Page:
Carbs make you fat. Dark chocolate is good for your heart. A glass of red wine each day will make you live longer. If the popular press is to be believed, staying fit and healthy is as easy as sticking to a few key health slogans.
However, much of what we presume to know about healthy eating is wrong. Swinging from one diet to the next is likely to have a rollercoaster effect on your mood, not to mention your weight.
Senior dietician Amanda Clark, from the Great Ideas in Nutrition clinic, says most food myths are linked to losing weight.
Many people come into Amanda’s Gold Coast clinic worried that the food they are eating is making them sick or fat. Overcoming an irritable bowel, bloating or weight issues can be much more complex than cutting out gluten, dairy or carbs.
Five popular food myths she often hears are:
Myth 1 – Carbs make you fat: Much of the world’s population lives on high-carb diets, without the obesity problems of the West. “It’s not the carbs that are the problem,” says Amanda. “It’s the amount and the types of carbs.” Cutting out carbs after 5pm is bogus, too: “Eating regular meals makes your metabolism work better.”
Myth 2 – Gluten-free foods are better for you: Many people follow gluten-free diets to overcome irritable bowel symptoms, but Clark says evidence suggests it may not be gluten causing the problem. Rather, carbohydrates called FODMAPs (which stands for Fermentable Oligo-saccharides, Disaccharides, Mono-saccharides and Polyols) are the culprits. High-FODMAP foods include garlic and onions, high-fructose fruits such as apples and pears, wheat, dairy and honey. “Following a gluten-free diet may be cutting out a whole lot more than you need to,” says Amanda. “A diagnosis will tell you what is going on.”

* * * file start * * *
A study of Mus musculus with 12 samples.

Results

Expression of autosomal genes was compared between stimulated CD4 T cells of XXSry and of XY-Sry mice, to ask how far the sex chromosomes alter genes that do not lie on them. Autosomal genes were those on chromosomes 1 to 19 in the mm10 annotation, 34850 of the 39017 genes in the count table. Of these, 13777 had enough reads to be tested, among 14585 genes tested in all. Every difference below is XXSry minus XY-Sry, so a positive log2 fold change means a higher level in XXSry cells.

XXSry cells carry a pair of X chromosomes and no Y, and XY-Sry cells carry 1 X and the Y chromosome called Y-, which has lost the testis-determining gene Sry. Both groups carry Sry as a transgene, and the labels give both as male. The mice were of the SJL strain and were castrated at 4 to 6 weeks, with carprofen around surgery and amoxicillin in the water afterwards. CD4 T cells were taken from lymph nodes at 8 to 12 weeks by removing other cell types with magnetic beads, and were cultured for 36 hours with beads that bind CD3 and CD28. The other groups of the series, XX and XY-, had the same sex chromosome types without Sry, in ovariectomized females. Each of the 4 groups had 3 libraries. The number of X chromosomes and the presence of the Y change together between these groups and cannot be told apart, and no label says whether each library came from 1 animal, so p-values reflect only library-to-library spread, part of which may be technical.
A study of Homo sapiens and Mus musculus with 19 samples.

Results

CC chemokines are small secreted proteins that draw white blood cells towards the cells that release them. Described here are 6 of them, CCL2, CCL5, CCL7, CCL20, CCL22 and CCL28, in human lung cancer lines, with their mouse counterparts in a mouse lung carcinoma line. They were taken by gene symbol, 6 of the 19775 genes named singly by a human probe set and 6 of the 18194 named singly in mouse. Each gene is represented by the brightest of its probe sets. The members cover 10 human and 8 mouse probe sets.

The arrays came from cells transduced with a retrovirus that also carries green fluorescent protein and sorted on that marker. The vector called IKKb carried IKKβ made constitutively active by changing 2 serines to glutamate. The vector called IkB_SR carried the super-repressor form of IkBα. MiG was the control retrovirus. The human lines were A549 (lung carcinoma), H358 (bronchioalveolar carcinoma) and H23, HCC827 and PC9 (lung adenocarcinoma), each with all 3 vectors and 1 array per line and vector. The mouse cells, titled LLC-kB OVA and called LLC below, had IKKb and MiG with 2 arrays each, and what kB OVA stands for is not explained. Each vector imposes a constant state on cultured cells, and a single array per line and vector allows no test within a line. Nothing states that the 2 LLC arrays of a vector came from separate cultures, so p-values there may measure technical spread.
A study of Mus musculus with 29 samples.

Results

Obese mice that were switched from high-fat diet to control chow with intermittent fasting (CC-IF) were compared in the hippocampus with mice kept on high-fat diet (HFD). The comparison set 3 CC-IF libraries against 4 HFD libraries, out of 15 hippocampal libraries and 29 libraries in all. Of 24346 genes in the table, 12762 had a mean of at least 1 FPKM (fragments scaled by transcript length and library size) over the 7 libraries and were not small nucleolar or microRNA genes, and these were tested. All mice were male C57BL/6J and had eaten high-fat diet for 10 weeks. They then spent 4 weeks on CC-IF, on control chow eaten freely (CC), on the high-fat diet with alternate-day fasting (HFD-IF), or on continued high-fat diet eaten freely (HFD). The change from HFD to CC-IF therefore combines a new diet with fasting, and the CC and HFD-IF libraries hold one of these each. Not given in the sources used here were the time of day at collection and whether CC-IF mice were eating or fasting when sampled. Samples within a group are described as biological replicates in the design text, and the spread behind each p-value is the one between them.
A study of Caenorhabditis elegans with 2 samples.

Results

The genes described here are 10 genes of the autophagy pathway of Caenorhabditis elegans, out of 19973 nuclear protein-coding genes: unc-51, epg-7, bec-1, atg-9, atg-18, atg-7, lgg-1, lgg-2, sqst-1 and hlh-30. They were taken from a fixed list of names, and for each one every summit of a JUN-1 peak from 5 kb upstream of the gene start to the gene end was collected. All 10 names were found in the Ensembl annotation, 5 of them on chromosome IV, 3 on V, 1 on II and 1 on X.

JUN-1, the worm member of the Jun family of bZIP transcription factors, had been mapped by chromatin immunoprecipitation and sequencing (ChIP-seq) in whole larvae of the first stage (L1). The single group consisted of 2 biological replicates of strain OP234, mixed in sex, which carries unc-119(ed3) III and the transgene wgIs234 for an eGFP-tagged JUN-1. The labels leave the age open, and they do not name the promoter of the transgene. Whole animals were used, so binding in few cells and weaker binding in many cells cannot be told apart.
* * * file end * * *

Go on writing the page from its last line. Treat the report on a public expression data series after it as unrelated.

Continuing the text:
Myth 3 – Organic foods are healthier: The weight of evidence shows organics do not have a higher nutritional value and they do reduce exposure to pesticides and chemical residues. “There is definite value in organic food,” Amanda says. If you can’t afford to fill your basket with organic vegetables, then supplement with non-organic vegetables that you peel because peeling reduces pesticide and chemical residue exposure. “So go for organic broccoli but not necessarily organic potatoes.”
Myth 4 – Dairy is the enemy: We’ve all experimented with cutting out dairy when health problems arise. Cow’s milk is blamed for lactose intolerance and milk-protein allergies. But unless soy, rice and almond milks are fortified, they are much lower in calcium and protein. Check with your doctor or dietician first. “Dairy might not necessarily be causing an irritable bowel or bloating.”
Myth 5 – Superfoods are best for antioxidants: While blueberries, Brazil nuts, kale, salmon and lentils are higher in antioxidants than other foods, our intake of these “superfoods” is comparatively low. “They are good to include in your diet but everyday fruit and vegetables make up the bulk of our antioxidant food.”
Portion control is essential to any balanced diet.
“It doesn’t really matter what kind of diet you follow, as long as it’s practical, lower in calories and you can stick to it long-term,” Amanda says.
Serving sizes have increased dramatically over the past 30 years in the West. Time-poor families make misinformed decisions, often while on the run. However, simply using smaller plates can reduce calorie intake by one quarter.
“We’ve lost the plot when it comes to knowing how much should be on our plate and how much should be in our children’s lunch boxes.”
If you’re wondering about the positive effects of dark chocolate and red wine, think again. Recent studies show the health benefits may not be due to their inherent antioxidant value but rather, the way the nutrients in them interact with certain people’s genetic make-up. As Amanda explains, this means “chocolate can be beneficial to some people and not others”.
While we all might not fall into the group who benefit from eating chocolate, we think everyone should celebrate life and enjoy a portioned piece.
Amanda is the author of Portion Perfection: A Visual Weight Control Plan. She has also designed a range of plates and bowls that apportion recommended serving sizes.